Case round-up: Miller v Bellway Homes

This is a decision by the EAT on the issue of causation where a tribunal is determining responsibility for losses in an unfair dismissal claim.


The EAT found that, in this case, the tribunal had failed to take into account facts which were relevant to the issue of causation when reaching its decision on remedy. Specifically, the tribunal had failed to consider whether the new employment secured by the claimant was coming to an end in any event, due to economic circumstances.


Redundancy


Miss J Miller was employed by Bellway Homes Ltd (BHL) until 6 May 2008, when she was selected for redundancy. Following termination of her employment with BHL, Miller immediately secured alternative employment with a new employer, Handover.


On 16 September 2008, Miller resigned from her employment with Handover. The tribunal held that Miller’s resignation was in no way connected to BHL and, therefore, BHL was not responsible for any losses incurred after the date of her resignation. However, during the tribunal hearing, Miller presented evidence, unchallenged by BHL, that her employment with Handover would have ended, in any event, in November 2008. Accordingly, Miller claimed that BHL was responsible for losses from November 2008 onwards.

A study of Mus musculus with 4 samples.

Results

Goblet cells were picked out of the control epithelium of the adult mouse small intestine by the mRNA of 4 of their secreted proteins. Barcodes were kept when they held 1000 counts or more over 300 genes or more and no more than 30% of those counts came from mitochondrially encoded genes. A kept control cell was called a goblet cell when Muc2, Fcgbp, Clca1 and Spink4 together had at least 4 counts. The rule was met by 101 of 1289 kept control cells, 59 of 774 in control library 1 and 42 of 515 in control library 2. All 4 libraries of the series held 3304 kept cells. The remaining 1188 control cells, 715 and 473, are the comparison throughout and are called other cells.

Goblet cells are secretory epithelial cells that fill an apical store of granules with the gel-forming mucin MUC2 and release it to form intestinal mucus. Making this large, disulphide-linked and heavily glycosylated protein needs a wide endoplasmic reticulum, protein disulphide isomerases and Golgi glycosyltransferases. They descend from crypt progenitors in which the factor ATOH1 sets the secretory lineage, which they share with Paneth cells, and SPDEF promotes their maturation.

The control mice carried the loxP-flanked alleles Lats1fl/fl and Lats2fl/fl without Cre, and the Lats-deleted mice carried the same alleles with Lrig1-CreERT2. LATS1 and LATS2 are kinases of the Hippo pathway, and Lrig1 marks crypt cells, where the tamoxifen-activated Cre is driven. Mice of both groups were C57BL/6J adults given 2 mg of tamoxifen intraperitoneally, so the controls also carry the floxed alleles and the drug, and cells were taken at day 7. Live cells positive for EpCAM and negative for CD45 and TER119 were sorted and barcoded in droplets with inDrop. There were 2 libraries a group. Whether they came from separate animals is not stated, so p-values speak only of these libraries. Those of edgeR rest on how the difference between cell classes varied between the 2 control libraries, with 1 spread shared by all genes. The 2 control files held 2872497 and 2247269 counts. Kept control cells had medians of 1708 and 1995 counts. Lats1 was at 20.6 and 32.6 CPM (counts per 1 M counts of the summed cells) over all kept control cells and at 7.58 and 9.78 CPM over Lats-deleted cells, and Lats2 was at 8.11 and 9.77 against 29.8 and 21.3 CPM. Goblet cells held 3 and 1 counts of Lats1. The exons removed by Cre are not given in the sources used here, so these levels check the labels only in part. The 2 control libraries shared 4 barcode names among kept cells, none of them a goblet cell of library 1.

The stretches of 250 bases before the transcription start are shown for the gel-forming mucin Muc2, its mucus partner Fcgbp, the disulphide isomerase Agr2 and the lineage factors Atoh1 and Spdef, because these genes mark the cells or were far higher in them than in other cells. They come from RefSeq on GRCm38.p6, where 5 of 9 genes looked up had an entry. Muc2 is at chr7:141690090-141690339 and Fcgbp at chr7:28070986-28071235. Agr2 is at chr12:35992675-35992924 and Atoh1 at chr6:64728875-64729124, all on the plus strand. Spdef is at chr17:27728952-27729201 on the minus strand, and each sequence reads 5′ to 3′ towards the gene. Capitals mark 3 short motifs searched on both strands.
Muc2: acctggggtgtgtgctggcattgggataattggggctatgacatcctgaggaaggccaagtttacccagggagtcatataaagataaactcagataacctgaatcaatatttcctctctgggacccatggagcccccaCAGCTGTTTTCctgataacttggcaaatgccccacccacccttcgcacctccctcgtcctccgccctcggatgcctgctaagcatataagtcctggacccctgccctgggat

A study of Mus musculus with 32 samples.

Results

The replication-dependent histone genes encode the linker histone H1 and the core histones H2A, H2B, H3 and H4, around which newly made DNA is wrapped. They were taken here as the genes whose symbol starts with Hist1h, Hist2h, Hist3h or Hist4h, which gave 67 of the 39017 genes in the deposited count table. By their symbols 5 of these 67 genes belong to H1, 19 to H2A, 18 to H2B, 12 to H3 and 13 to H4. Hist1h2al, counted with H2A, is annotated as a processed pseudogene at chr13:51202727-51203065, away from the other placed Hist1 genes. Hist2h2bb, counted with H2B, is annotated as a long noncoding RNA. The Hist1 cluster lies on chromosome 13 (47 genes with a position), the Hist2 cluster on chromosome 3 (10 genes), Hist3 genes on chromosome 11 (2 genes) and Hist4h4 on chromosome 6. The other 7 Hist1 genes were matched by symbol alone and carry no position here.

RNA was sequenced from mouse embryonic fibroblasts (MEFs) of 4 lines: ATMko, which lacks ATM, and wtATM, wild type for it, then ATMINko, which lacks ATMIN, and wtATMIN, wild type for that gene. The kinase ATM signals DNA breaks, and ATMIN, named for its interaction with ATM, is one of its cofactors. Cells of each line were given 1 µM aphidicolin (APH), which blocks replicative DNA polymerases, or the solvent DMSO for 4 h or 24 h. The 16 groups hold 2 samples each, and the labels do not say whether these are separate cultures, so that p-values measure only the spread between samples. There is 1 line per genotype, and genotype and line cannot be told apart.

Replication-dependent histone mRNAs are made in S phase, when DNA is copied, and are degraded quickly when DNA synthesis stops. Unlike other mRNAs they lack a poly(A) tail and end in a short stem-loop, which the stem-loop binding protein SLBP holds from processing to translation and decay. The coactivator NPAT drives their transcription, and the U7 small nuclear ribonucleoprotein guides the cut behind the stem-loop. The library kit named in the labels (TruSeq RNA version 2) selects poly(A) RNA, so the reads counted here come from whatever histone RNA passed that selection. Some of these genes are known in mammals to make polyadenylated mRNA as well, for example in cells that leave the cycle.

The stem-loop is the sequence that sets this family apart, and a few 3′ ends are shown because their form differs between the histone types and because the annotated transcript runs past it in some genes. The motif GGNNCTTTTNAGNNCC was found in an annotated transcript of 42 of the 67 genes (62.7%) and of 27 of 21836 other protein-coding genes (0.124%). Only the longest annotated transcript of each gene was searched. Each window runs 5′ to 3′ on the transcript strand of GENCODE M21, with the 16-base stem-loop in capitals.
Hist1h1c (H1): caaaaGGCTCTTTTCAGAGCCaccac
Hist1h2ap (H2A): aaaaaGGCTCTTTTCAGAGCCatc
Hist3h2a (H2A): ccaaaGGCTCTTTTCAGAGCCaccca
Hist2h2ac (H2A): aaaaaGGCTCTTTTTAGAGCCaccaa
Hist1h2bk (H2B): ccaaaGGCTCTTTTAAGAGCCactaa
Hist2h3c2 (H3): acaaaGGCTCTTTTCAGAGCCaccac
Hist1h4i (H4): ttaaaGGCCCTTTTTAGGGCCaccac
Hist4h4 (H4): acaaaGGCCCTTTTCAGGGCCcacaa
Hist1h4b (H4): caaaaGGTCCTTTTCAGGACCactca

Reasons


The EAT held that there was no indication in the tribunal’s reasons that the tribunal had taken into account the fact that Miller’s employment with Handover would have ended, in any event, in November 2008 and this was relevant to the issue of whether BHL was responsible for losses from November 2008 onwards.


The EAT remitted the issue of remedy back to the same tribunal for reconsideration.


Key points




  • Simply because a claimant has secured alternative employment does not prevent losses continuing to accrue for which the respondent may be liable.


  • When assessing the extent of a claimant’s losses, the tribunal must take into account all relevant facts. As was the case here, the unchallenged evidence that Miller’s employment with Handover would have ended, in any event, in November 2008 was relevant to the level of losses that the BHL were responsible for.

What you should do




  • If faced with defending an unfair dismissal claim remember to collate evidence relevant to the issue of remedy. For example, details of job vacancies which the claimant would be suitable for. This type of evidence can help to persuade a tribunal that the claimant has failed to fully mitigate his or her losses.